The Sketch-book of Geoffrey Crayon, Gent

 


User Review  - haloedrain - LibraryThing

4 stars for Rip Van Winkle and Sleepy Hollow. The rest are skippable, they read like the kind of op-ed that spawns lots of other op-eds and blog posts disagreeing with each other. Read full review

LibraryThing Review

User Review  - JBD1 - LibraryThing

I had read "Rip Van Winkle" and "The Legend of Sleepy Hollow" before, but I picked this up to read the other essays included in the collection. "The Art of Book-making" (about a visit to the British ... Read full review

Page 36 - ... erewhile To share their converse, and enjoy their smile, And tempers, as he may, affliction's dart; Thus, loved associates, chiefs of elder art, Teachers of wisdom, who could once beguile My tedious hours, and lighten every toil, I now resign you; nor with fainting heart; For pass a few short years, or days, or hours, And happier seasons may their dawn unfold, And all your sacred fellowship restore ; When, freed from earth, unlimited its powers, Mind shall with mind direct communion hold, And...
Page 57 - ... cliffs, and scarcely lighted by the reflected rays of the setting sun. For some time Rip lay musing on this scene ; evening was gradually advancing; the mountains began to throw their long blue shadows over the valleys; he saw that it would be dark long before he could reach the village, and he heaved a heavy sigh when he thought of encountering the terrors of Dame Van Winkle. As he was about to descend, he heard a voice from a distance, hallooing, "Rip Van Winkle! Rip Van Winkle!
Page 52 - It could not be from the want of assiduity or perseverance; for he would sit on a wet rock, with a rod as long and heavy as a Tartar's lance, and fish all day without a murmur, even though he should not be encouraged by a single nibble. He would carry a fowling-piece on his shoulder for hours together, trudging through woods and swamps, and up hill and down dale, to shoot a few squirrels or wild pigeons.
Page 53 - Winkle, however, was one of those happy mortals, of foolish, well-oiled dispositions, who take the world easy, eat white bread or brown, whichever can be got with least thought or trouble, and would rather starve on a penny than work for a pound.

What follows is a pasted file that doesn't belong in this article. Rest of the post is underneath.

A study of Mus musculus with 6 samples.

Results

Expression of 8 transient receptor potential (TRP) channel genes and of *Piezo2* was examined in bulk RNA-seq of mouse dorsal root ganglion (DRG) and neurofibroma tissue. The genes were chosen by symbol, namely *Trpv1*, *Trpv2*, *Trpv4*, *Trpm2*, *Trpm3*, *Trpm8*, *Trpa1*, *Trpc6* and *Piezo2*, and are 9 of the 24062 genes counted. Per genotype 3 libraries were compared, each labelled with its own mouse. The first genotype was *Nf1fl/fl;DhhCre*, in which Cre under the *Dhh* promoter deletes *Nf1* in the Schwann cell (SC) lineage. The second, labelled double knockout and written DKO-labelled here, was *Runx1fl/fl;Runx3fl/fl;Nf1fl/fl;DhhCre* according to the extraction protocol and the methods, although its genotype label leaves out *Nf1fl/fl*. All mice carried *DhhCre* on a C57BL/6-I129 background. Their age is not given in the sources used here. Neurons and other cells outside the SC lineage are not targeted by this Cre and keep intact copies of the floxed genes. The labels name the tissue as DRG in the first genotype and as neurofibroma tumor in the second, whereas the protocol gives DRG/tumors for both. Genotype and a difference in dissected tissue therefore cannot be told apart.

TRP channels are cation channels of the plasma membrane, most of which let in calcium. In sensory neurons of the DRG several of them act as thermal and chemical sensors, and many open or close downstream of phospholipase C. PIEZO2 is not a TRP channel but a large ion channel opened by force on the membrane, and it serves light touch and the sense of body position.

Page 150 - Who that has languished, even in advanced life, in sickness and despondency ; who that has pined on a weary bed in the neglect and loneliness of a foreign land ; but has thought on the mother " that looked on his childhood...
Page 371 - I appeal to any white man to say, if ever he entered Logan's cabin hungry, and he gave him not meat ; if ever he came cold and naked, and he clothed him not. During the course of the last long and bloody war Logan remained idle in his cabin, an advocate for peace. Such was my love for the whites, that my countrymen pointed as they passed, and said, " Logan is the friend of white men.
Page 52 - The children of the village, too, would shout with joy whenever he approached. He assisted at their sports, made their playthings, taught them to fly kites and shoot marbles, and told them long stories of ghosts, witches, and Indians. Whenever he went dodging about the village, he was surrounded by a troop of them, hanging on his skirts, clambering on his back, and playing a thousand tricks on him with impunity ; and not a dog would bark at him throughout the neighbourhood.
Page 52 - Indian corn, or building stone fences ; the women of the village, too, used to employ him to run their errands, and to do such little odd jobs as their less obliging husbands would not do for them. In a word, Rip was ready to attend to anybody's business but his own ; but as to doing family duty and keeping his farm in order, he found it impossible.
Page 60 - What seemed particularly odd to Rip was, that, though these folks were evidently amusing themselves, yet they maintained the gravest faces, the most mysterious silence, and were, withal, the most melancholy party of pleasure he had ever witnessed.